Andiamo…to the island of Sicilia. We’ll begin where I was a short time ago: Catania. It’s the perfect starting point (with an easy airport) to explore places like Siracusa, Taormina, and the Aeolian Islands (all of which I am heading to on a Country Walkers trip–so stay tuned).
For many years guidebooks discouraged spending time in Catania, giving it the same treatment as Naples: “ a city in decay, depressing, dangerous, etc.” It’s now actually a vibrant, youth-filled city (with a prestigious university), and a Baroque-a-palooza historic center, that’s recently been scrubbed up and restored. Mount Etna rising in the distance provides a dramatic backdrop. And like Naples, Catania is absolutely theatrical–with lots of hands-flying-through-the-air and amore action on the streets.
A Golden Day here begins at the market (Mon-Sat, 8-2), which covers the blocks behind the Elephant statue in the Piazza Duomo. It’s a sensory bombardment—at first the smells of peppery aged cheeses, sweet peaches, booming operatic voices of dark eyed men selling giant gleaming eggplants, bowling-ball sized heads of purple cauliflower, succulent cherry and plum tomatoes, barrels of olives.Then come the skinned bloody lambs (still with their heads on) hanging from hooks, huge slabs of horse meat—-and of course butchers in expert action with cleavers.
Center stage is FISH–stalls and stalls–baskets of squirming snails, clams of every size, shining sardines, buckets of octopi, and ah, the pesce spada: swordfish–displayed on rickety wooden tables like trophies. Leather-skinned tan men with cigarettes hanging out of their mouths weigh the catch of the day on old fashioned scales, sculpted muscular guys in t-shirts stroll about, their arms overflowing with bunches of parsley for sale. …It’ll put you in the mood for lunch.
Adjoining the fish market are two restaurants, side by side–one cheap and not so great when I tried it: Paglia (ornery staff, sloppy service, yes the fish is fresh and simply prepared, but nothing special)–and the other a gem: Osteria Antica Marina (Via Pardo 29, 095 348 197, MUST reserve OR you may have a chance at 2:30 pm seating as a walk-in). It’s more upscale than Paglia, it’s the one the natives told me to go to, moderately priced and the perfect match to the market. You can opt for an antipasto misto and though the waiters may offer to choose for you, I suggest you head up to the counter and point out six that you like which they’ll deliver to you on small plates–from beautifully prepared mussels, smoked swordfish, fried calamari, to artichokes. An excellent primi is the housemade pasta with saffron and shrimp. And though you may feel full, go for the lemon cake dessert.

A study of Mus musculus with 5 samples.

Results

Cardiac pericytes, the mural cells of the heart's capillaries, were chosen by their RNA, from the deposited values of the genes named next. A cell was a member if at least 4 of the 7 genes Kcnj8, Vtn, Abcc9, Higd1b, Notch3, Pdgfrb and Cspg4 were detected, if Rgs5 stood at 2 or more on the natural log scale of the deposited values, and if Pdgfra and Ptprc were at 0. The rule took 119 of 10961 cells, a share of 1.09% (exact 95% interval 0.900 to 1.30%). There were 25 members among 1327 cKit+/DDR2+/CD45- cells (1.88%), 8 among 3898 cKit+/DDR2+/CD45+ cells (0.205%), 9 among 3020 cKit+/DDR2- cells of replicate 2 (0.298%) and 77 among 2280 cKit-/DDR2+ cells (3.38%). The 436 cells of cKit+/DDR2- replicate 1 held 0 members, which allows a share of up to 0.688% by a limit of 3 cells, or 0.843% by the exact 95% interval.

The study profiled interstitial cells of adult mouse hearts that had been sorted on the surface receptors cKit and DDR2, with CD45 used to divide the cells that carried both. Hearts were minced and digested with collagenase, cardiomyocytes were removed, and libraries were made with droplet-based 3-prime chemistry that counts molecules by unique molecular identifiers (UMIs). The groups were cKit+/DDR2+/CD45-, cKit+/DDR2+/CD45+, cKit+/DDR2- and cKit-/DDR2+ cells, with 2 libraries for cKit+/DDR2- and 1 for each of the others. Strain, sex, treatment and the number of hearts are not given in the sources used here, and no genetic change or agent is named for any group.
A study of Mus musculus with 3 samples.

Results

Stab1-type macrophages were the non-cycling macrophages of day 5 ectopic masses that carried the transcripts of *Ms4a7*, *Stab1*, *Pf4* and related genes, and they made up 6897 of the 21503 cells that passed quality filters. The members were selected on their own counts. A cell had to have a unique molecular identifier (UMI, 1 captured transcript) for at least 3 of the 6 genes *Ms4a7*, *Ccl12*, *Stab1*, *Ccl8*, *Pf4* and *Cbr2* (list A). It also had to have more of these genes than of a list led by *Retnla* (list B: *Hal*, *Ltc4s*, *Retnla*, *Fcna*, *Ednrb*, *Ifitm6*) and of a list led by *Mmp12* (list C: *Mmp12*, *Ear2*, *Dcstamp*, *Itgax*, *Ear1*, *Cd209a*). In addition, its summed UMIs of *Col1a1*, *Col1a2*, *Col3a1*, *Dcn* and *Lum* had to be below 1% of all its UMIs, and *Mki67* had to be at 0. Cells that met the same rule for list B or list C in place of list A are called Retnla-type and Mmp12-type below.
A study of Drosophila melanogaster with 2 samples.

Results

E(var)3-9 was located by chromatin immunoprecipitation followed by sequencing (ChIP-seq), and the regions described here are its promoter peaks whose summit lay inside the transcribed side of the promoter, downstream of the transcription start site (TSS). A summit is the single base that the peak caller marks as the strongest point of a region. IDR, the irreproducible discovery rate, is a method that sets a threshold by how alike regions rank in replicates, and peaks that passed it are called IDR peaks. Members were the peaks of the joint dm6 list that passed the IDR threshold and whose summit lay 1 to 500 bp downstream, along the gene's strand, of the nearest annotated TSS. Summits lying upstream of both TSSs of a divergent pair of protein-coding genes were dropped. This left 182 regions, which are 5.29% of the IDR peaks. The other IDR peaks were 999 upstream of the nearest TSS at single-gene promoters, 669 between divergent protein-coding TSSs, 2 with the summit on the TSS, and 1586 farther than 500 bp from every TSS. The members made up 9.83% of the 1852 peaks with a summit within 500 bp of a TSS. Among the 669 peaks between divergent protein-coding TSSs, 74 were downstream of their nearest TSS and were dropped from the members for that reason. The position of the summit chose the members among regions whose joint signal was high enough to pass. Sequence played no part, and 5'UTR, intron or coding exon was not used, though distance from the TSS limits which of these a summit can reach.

After lunch, a 10 minute walk away, you’ll discover Catania’s Greco-Roman Theatre and Odeon (Via Vittorio Emanuele II 266). Actually, you could very well miss it, as it’s hidden behind a 17th century facade, with only a small sign to announce it. The complex wasn’t excavated until the 1950’s–modern homes had been built right on top of it. In fact, one still remains–the Casa Liberti that was inhabited from 1848 to 1932 by the Liberti family. Inside it the rooms have been restored with some of its original furnishings, and there are photos of the family–a boy in a sailor suit posed on a miniature painted Sicilian cart, men with thick twirled mustaches, women with their hair swept up in puffy buns. It’s amazing to imagine what life was like for them living over this historic sight!
Catania is a hot spot for delicious pastries. A great place to sample almond cookies or cannoli for an afternoon pick-me-up is I Dolci di Nonna Vincenza (Piazza San Placido 7).
In the early evening, you can join in with the flow of young and old Catanese for the passegiata on Via Etnea–a shopping street that also is home to the wonderful Pasticceria Savia (Via Etnea 302/204). Do as the natives do–order up arancini at Savia–a ball of deep fried rice delight–that comes either stuffed with tomato sauce and cheese, spinach, or cured meats. Whatever you choose, it’ll fill you up well for the night.
Then, if you’re up for it, you’ll enjoy joining the younger set at the clubs and bars that come to life from 10 to 3 in the morning, with action spilling out into the alleyways and curving vias of the old center, around Piazza Bellini.
Or, you may opt for the more classical route and check out what’s happening inside the Teatro Massimo Bellini. This exquisit baroque theatre pays homage to Catania’s native son composer, with a season of opera and concerts that runs year round, except for July and August.
Very entertaining any time of day is the opportunity to sit and enjoy people watching while sipping a caffe, wine, or cocktail at the Caffe del Duomo (Piazza Duomo). It’s surprisingly inexpensive (4 euros for prosecco)–considering its prime location. A Saturday night in spring or fall is a perfect time to perch there, as this is the time for many brides and grooms to have photo shoots–making it a magical site of happy natives amidst Catania’s centuries old baroque splendor.